I have read that stuff, and I have looked at the statistics, and vaccine reactions happen - but are very rare (and I'm sorry it happened in your family).
If you banned all things which had any risk of killing or seriously hurting someone accidently or due to a rare reaction there'd be nothing left....
Did I suggest that all risky things should be banned? I don't think so.
I did complain that there is no effort to identify the sub-groups who might be at-risk for severe reaction, even when some of these factors are already known. for example, there is no pre-screening for mitochondrial disorder, even though a significant number of autistic children who have also had severe vaccine reactions have tested positive for mitochondrial disorder, and one famous case of autism (Hannah Poling) has been ruled to be the result of vaccinating a child with pre-existing mitochondrial disorder.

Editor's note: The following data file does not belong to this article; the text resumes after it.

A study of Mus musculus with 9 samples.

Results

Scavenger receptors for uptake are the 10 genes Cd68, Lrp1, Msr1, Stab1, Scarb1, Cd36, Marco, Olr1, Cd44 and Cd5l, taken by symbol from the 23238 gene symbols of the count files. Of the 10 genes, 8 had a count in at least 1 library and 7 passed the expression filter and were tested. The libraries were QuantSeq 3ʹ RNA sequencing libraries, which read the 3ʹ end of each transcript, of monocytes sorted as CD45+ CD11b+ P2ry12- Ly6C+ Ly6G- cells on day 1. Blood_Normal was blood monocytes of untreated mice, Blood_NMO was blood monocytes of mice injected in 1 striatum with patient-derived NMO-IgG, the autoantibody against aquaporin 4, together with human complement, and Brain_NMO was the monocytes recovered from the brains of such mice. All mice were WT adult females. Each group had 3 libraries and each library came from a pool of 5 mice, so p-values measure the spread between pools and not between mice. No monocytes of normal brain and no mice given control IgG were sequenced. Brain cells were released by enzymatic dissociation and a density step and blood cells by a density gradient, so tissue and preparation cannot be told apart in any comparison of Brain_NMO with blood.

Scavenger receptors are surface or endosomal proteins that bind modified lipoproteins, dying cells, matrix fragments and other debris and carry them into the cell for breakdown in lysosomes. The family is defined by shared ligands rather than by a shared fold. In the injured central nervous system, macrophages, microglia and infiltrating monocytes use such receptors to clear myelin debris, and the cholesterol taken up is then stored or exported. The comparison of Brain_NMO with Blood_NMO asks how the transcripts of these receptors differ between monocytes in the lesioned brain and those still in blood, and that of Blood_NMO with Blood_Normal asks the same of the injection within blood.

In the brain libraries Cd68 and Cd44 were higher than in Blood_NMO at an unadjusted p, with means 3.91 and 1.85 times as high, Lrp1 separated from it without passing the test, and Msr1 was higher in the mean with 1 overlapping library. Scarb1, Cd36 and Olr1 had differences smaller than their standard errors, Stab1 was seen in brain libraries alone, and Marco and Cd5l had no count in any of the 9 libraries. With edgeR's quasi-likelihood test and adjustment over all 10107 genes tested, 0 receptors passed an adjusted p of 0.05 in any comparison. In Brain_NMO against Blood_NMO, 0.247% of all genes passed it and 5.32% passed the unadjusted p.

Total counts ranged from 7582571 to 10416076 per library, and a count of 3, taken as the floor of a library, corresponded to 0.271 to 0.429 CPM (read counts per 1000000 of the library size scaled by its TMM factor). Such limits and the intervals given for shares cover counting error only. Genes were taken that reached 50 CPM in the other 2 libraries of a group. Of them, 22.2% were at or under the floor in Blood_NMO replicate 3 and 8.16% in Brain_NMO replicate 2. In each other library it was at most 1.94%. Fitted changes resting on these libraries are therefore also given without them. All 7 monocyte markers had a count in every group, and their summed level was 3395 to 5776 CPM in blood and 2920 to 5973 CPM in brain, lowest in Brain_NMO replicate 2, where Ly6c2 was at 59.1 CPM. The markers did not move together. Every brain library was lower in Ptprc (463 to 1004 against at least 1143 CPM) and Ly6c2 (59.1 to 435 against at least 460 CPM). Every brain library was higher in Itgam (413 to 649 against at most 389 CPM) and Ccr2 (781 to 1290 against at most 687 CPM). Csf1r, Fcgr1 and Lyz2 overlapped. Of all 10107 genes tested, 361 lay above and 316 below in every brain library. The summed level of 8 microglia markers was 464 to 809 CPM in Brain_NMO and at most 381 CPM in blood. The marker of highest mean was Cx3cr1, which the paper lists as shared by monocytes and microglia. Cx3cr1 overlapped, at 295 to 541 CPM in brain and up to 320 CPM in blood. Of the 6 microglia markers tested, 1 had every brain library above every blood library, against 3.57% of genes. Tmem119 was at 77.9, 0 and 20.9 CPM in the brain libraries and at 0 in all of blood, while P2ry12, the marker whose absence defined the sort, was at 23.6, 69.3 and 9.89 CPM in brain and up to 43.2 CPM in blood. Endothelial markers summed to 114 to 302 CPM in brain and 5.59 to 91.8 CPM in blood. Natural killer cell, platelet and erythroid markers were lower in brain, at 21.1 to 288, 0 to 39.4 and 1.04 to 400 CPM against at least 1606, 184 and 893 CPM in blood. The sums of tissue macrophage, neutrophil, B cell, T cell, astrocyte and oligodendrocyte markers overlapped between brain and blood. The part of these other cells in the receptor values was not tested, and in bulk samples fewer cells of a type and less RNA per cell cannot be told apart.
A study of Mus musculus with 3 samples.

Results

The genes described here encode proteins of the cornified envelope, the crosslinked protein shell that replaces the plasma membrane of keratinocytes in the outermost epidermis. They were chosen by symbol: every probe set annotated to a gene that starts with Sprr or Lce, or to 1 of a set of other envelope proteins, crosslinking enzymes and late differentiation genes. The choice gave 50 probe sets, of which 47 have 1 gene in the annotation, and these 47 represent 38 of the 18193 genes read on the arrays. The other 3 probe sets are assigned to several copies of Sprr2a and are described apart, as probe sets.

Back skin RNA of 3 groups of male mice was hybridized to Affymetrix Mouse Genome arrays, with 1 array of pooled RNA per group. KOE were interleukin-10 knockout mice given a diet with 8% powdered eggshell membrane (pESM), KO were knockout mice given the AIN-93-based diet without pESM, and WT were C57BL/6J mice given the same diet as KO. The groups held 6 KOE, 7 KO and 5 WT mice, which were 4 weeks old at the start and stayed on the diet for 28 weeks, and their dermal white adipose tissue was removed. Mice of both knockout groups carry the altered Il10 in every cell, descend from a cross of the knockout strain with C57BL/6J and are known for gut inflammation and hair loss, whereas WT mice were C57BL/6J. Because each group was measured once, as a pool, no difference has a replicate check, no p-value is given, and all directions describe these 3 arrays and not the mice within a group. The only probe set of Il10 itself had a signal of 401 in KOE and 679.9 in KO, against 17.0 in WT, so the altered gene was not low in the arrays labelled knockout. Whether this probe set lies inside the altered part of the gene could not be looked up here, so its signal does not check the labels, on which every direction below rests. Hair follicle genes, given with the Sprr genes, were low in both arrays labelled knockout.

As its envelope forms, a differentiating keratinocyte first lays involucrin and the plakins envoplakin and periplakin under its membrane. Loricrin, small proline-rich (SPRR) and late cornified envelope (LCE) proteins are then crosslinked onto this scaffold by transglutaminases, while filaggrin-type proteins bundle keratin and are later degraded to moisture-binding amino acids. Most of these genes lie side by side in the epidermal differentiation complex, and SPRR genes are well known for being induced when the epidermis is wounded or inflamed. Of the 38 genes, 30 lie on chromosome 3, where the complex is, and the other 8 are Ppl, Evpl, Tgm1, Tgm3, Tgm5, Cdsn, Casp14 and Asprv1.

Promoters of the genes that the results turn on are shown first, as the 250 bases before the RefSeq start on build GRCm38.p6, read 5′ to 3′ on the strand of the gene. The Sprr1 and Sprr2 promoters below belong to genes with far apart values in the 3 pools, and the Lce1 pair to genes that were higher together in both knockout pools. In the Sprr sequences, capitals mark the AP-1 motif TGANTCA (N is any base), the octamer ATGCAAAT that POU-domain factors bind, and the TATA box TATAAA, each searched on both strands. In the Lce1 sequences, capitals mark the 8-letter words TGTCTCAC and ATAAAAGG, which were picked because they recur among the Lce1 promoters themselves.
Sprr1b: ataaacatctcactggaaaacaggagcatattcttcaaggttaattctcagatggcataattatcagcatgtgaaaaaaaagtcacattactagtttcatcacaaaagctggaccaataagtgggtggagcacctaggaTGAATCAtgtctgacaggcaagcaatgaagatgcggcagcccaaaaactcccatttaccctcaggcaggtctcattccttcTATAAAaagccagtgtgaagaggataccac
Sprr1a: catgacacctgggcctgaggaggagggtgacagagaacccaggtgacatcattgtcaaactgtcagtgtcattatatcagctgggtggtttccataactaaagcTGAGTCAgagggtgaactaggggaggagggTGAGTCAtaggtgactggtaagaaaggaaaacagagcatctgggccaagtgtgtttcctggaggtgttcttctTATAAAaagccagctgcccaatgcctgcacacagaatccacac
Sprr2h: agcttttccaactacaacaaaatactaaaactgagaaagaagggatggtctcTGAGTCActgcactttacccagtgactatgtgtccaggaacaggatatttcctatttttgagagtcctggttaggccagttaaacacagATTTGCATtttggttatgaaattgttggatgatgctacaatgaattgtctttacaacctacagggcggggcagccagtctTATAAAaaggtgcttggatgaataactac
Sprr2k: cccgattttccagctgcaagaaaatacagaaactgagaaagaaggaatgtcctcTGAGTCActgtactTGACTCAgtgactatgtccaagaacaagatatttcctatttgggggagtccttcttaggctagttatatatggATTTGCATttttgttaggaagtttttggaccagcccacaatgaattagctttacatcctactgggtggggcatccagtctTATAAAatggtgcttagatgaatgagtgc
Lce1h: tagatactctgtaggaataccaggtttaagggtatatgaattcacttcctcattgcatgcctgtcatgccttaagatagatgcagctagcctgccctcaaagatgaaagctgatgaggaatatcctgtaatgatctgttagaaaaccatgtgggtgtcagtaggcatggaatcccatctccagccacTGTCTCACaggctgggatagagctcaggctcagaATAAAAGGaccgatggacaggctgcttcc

Another example would be vitamin deficiencies. No effort to test anyone for vitamin deficiencies before vaccinating, either, even though it's known that certain deficiencies predispose people to complications from both disease AND vaccines.
And those who have had vaccine reactions in their families, or have seen them in their friends' and neighbors' families, will tell you that vaccine reactions are no longer rare. Many school nurses whose careers span a couple of decades have gone on record with their observations of the increase in vaccine reactions--as well as the fact that many medical professionals incorrectly dismiss these reactions, simply because they didn't observe them themselves.
But you can go on denying that vaccine reactions happen more than the pharmaceutical companies want us to know. It won't change the facts, just like it didn't change the facts when people repeated the tobacco companies assertions that cigarettes were healthy, or Pfizer's assertion that Lipitor didn't cause muscle weakness, kidney failure, and other serious complications, or Merck's assertion that Vioxx didn't cause deaths.